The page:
Gary Verity: Warm welcome for a change that boosts tourism

THE suggestion that the May Day Bank Holiday is switched to the autumn, to provide an end-of-year boost to tourism, is an excellent idea that has enormous potential. I welcome it wholeheartedly.

Not only would it provide a much needed fillip to many of our tourism businesses by helping to extend the season, but it would also be a good way to re-motivate the UK workforce as many come to terms with yet another year of no or low wage rises as living costs soar.

The TUC may have some concerns, but it wouldn’t happen until 2013 at least and I’m pretty sure the extra productivity from a motivated workforce who have enjoyed a long weekend in the Autumn would outweigh the disadvantages.


As for the double-summertime that was dropped from the final version of the Goverment’s new tourism strategy, it is a shame that it is off the agenda for now. Lighter evenings on a fine October Bank Holiday might have persuaded more people to think about staying in the UK for their holiday the following year rather than booking abroad.

That’s what this strategy is all about, recognising the importance and potential of the UK tourism industry and encouraging more people to holiday at home, as well as making it easier for foreign visitors to come here and find their way around the country. As the champion of Yorkshire as a holiday destination, that’s music to my ears.

The Government want to see the staycation trend become a permanent fixture, to see 29 per cent of us holidaying at home compared to the 20 per cent that currently do. And they want to see the development of new “attack brands” like Yorkshire to complement the strength of London for both foreign and UK holidaymakers to help grow the overall value of the visitor economy.

If successful, this could mean 26,000 more jobs in tourism. Already, we’ve seen how quickly the tourism industry responds to demand in this region. We’ve had many more visitors to Yorkshire since the increased promotion through the Welcome to Yorkshire brand in the past two years, and that’s created 4,000 new jobs.

This new government strategy is excellent news for Yorkshire, because we’re already a strong brand, and we’re ahead of the game through the public investment in promoting the county. We have a fabulous product to promote.

We’re already leading the way in the UK in terms of destination marketing and we must maintain that momentum.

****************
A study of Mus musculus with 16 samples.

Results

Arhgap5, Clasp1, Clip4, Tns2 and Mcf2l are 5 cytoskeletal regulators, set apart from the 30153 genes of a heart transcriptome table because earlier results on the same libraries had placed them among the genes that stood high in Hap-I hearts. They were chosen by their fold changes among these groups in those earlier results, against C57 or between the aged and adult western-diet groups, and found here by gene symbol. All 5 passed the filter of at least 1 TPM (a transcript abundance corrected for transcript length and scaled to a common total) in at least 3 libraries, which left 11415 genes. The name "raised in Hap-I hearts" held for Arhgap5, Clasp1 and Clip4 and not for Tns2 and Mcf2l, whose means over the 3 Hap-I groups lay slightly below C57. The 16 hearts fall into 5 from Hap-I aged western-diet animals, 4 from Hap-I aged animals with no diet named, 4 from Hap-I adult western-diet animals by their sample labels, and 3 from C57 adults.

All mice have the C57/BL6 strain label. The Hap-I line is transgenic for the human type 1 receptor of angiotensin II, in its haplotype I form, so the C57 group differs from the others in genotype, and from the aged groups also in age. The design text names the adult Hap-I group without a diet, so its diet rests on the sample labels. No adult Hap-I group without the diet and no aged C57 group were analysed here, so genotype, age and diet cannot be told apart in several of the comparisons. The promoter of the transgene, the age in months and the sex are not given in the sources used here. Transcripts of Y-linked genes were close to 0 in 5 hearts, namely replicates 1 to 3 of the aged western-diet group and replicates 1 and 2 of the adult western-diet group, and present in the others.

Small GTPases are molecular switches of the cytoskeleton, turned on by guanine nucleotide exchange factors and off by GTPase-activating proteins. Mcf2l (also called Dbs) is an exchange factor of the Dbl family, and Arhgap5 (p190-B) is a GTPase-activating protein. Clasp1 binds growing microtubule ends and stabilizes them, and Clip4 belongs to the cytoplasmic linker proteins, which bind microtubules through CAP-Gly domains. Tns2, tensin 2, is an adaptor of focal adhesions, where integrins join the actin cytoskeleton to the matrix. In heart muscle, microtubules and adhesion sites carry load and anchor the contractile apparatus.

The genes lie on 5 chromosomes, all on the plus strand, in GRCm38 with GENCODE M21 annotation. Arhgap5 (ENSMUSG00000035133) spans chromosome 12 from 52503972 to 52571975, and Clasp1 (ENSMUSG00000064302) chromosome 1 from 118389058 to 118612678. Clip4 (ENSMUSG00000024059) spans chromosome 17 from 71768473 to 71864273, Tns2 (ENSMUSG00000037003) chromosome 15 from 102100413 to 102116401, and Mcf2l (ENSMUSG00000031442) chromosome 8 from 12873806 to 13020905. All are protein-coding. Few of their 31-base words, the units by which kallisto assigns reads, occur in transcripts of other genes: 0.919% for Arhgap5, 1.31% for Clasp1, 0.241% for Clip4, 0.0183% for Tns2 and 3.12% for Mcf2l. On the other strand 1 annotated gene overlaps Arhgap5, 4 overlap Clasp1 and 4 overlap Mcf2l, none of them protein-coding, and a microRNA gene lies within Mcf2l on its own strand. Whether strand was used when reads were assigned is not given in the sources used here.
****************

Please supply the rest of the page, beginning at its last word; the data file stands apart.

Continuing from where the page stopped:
The Government has made it clear that there is a limited life for the public funding of tourism, and that’s fair enough.

Now is the time for tourism businesses to step up to the mark and combine their skills and knowledge with the marketing expertise and excellence we have built at Welcome to Yorkshire to create a new style of collaborative joint venture for the tourism industry. The potential rewards for us all are huge.

What we must not do is dilute our marketing impact by trying to be too local. Yorkshire is our strongest brand, and we must find cost effective ways of developing more local marketing within the overall Yorkshire message, rather than instead of.

Taking our eye off the ball while the new funding and structural arrangements outlined in the strategy bed down could be our downfall. So let’s build on the dominant marketing position we’ve all worked so hard to create.

I’ll be working closely with Tourism Minister John Penrose on the shape of the strategy going forward but make no bones about it, the next four years are the most important for the industry in 50 years and Yorkshire is well placed to capitalise.

We have the ear of Government in Penrose and Jeremy Hunt, the Culture Secretary, we have allies in Nick Clegg and Vince Cable and we have the support of David Cameron. We are in a unique position. There are challenges ahead but the rewards are greater.

Yes, there are areas for improvement in the policy document, but I see this very much as the first step towards an exciting new age of tourism and not the end of the journey.